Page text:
Spondylitis, spondyloarthritis, spondy, SpA – there are many names for this form of inflammatory arthritis. Spondylitis affects more than 3 million people in the United States. More people have ankylosing spondylitis than have amyotrophic lateral sclerosis (ALS), multiple sclerosis (MS), and rheumatoid arthritis — combined! And yet, spondylitis is a relatively unknown condition. If you don’t have spondy or know someone with the condition, you’re probably thinking, “what IS spondylitis?!”
What is Spondylitis?
Spondylitis is an autoimmune disorder. This means spondylitis’ underlying cause is a person’s immune system mistakenly attacking its own tissues. A type of arthritis, spondylitis’ inflammatory effects primarily affect certain parts of the spine. Over time, this chronic inflammation in the spinal joints and tissues causes stiffness. In severe instances, the bones in the spine fuse together.
There are several types of spondylitis, including ankylosing spondylitis (AS), enteropathic arthritis, psoriatic arthritis, reactive arthritis, undifferentiated spondyloarthritis, juvenile spondyloarthritis, and peripheral spondyloarthritis.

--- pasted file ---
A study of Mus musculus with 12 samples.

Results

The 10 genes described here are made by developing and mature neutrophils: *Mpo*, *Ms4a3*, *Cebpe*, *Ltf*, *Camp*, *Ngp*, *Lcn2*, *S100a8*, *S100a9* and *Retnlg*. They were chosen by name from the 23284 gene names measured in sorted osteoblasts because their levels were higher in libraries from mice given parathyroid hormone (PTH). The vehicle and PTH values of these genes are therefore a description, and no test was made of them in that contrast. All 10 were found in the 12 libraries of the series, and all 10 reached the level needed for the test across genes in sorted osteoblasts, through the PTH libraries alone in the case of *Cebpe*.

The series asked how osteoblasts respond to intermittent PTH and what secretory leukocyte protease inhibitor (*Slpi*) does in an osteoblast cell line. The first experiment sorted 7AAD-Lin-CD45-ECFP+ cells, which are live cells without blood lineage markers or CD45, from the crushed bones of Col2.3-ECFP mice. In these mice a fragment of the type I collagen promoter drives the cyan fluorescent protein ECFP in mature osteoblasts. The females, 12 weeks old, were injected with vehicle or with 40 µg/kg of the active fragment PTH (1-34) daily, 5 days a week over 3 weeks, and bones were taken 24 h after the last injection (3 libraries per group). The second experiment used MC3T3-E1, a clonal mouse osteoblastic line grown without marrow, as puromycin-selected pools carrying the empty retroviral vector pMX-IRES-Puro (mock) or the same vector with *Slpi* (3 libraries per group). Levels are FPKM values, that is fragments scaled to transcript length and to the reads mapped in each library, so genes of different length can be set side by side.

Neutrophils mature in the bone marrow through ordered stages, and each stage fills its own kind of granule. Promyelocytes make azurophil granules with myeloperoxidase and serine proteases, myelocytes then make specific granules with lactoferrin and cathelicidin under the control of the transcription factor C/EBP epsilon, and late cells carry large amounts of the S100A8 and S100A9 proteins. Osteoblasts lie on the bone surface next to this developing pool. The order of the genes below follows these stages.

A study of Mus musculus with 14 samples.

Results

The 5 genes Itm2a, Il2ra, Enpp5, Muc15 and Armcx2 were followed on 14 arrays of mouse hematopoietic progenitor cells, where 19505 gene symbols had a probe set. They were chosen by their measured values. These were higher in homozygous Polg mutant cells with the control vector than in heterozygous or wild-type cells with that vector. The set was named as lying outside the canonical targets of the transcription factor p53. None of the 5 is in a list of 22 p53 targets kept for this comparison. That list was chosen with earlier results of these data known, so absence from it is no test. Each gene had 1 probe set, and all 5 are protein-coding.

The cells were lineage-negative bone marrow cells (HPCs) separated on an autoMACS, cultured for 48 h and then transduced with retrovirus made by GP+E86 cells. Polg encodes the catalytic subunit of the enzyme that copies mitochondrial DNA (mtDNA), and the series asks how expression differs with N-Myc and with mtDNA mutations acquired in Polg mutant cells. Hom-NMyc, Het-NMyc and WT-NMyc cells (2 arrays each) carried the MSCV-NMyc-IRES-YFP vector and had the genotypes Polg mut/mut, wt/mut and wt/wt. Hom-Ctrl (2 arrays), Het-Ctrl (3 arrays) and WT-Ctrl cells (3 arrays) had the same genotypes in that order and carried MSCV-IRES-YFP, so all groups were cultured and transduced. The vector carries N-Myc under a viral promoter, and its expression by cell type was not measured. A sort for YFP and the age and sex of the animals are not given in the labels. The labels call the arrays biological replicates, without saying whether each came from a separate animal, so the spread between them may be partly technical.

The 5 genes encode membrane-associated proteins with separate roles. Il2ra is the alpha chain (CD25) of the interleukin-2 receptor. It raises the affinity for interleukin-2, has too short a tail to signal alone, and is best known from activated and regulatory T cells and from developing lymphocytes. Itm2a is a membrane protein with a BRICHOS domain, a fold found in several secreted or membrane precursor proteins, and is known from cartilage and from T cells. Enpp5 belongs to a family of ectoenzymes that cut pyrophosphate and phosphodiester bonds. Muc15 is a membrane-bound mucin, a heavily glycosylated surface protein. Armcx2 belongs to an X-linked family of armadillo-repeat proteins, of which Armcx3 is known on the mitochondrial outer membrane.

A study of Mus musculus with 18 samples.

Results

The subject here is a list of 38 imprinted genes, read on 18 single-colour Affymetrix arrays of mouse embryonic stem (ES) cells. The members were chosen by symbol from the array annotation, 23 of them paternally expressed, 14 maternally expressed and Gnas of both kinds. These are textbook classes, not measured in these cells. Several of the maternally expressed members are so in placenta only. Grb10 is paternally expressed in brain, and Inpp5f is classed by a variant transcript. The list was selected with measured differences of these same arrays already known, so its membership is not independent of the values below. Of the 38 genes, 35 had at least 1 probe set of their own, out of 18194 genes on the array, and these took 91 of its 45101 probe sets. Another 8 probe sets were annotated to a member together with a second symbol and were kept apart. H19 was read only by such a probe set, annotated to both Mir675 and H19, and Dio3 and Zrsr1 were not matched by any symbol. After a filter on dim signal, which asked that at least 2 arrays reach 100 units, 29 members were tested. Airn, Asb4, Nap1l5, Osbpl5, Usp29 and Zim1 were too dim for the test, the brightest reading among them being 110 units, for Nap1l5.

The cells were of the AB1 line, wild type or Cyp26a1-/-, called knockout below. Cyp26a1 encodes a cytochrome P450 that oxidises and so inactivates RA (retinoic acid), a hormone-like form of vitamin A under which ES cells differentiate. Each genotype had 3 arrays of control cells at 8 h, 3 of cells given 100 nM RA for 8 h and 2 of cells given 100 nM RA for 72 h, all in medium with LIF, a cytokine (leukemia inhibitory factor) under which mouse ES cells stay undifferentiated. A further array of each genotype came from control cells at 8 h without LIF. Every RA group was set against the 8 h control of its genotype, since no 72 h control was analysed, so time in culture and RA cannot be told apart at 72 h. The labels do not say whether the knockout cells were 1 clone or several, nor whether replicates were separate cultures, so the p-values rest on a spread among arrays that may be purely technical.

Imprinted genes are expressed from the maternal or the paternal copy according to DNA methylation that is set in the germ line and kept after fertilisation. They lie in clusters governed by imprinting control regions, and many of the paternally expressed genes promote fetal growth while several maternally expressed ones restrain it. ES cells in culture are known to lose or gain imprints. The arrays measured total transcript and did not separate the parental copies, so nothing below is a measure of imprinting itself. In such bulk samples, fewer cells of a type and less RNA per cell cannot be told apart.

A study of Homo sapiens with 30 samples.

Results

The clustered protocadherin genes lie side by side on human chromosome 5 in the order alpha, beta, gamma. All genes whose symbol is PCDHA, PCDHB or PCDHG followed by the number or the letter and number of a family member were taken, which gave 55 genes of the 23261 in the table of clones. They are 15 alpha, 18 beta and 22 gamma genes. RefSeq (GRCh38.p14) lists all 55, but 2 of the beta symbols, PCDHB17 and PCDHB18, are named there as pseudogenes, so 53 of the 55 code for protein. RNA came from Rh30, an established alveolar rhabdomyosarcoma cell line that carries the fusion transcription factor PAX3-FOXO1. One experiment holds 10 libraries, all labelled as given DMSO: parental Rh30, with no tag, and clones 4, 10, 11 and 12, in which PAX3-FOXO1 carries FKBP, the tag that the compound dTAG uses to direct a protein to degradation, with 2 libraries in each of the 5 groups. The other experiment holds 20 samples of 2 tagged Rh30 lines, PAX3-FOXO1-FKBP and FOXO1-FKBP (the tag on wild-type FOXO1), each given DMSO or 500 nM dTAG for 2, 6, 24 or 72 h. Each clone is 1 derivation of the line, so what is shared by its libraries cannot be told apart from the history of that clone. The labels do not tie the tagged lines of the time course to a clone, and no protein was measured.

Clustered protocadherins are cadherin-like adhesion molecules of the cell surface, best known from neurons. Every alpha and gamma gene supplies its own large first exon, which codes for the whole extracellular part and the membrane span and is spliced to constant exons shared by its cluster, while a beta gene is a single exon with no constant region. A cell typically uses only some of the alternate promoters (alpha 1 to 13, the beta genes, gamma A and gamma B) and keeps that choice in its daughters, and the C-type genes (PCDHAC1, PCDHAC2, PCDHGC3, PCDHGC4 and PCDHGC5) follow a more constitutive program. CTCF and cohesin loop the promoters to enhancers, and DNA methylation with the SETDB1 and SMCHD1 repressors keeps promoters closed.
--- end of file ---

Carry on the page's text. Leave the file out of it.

Does Spondylitis Only Affect the Spine?
The most common symptoms of spondylitis are lower back and hip pain and stiffness. However, people with spondylitis can experience other symptoms unrelated to the spine or joints.
Effects of Spondylitis on the Heart
Between two percent and ten percent of people with ankylosing spondylitis experience heart issues. Specifically: aortitis, aortic valve disease, conduction disturbances, cardiomyopathy, and ischemic heart disease. Several of these cardiovascular diseases begin before clinical symptoms of AS.
If you have AS or another form of spondylitis, your doctor may recommend yearly screening for heart disease. Lifestyle habits like exercise and a heart healthy diet can also help reduce the risk of developing heart problems.
Effects of Spondylitis on the Eyes
As many as half of people with spondy will experience iritis or uveitis, eye inflammation. Inflammation of the eye’s symptoms include redness, light sensitivity, and vision disturbances. Symptoms usually affect one eye at a time. Eye inflammation should not be ignored. Iritis, inflammation of the colored part of the eye, is serious and considered a medical emergency.
Poorly controlled, widespread inflammation is usually to blame for fatigue in spondylitis. Inflammation usually brings with it stiffness and pain. Both take a toll on sleep quantity and quality, further exacerbating fatigue.
Fatigue may be an indication that more needs to be done to reach treatment goals for spondylitis: minimal inflammation and zero-to-slow progression. Fatigue can also be a sign of other health concerns, such as anemia and thyroid problems, as well as mental health issues like depression.
While there isn’t a cure for spondylitis, it is both manageable and treatable. Rheumatologists – the doctors who most often treat spondy – generally recommend exercise AND medications to manage pain, control inflammation, and slow disease progression.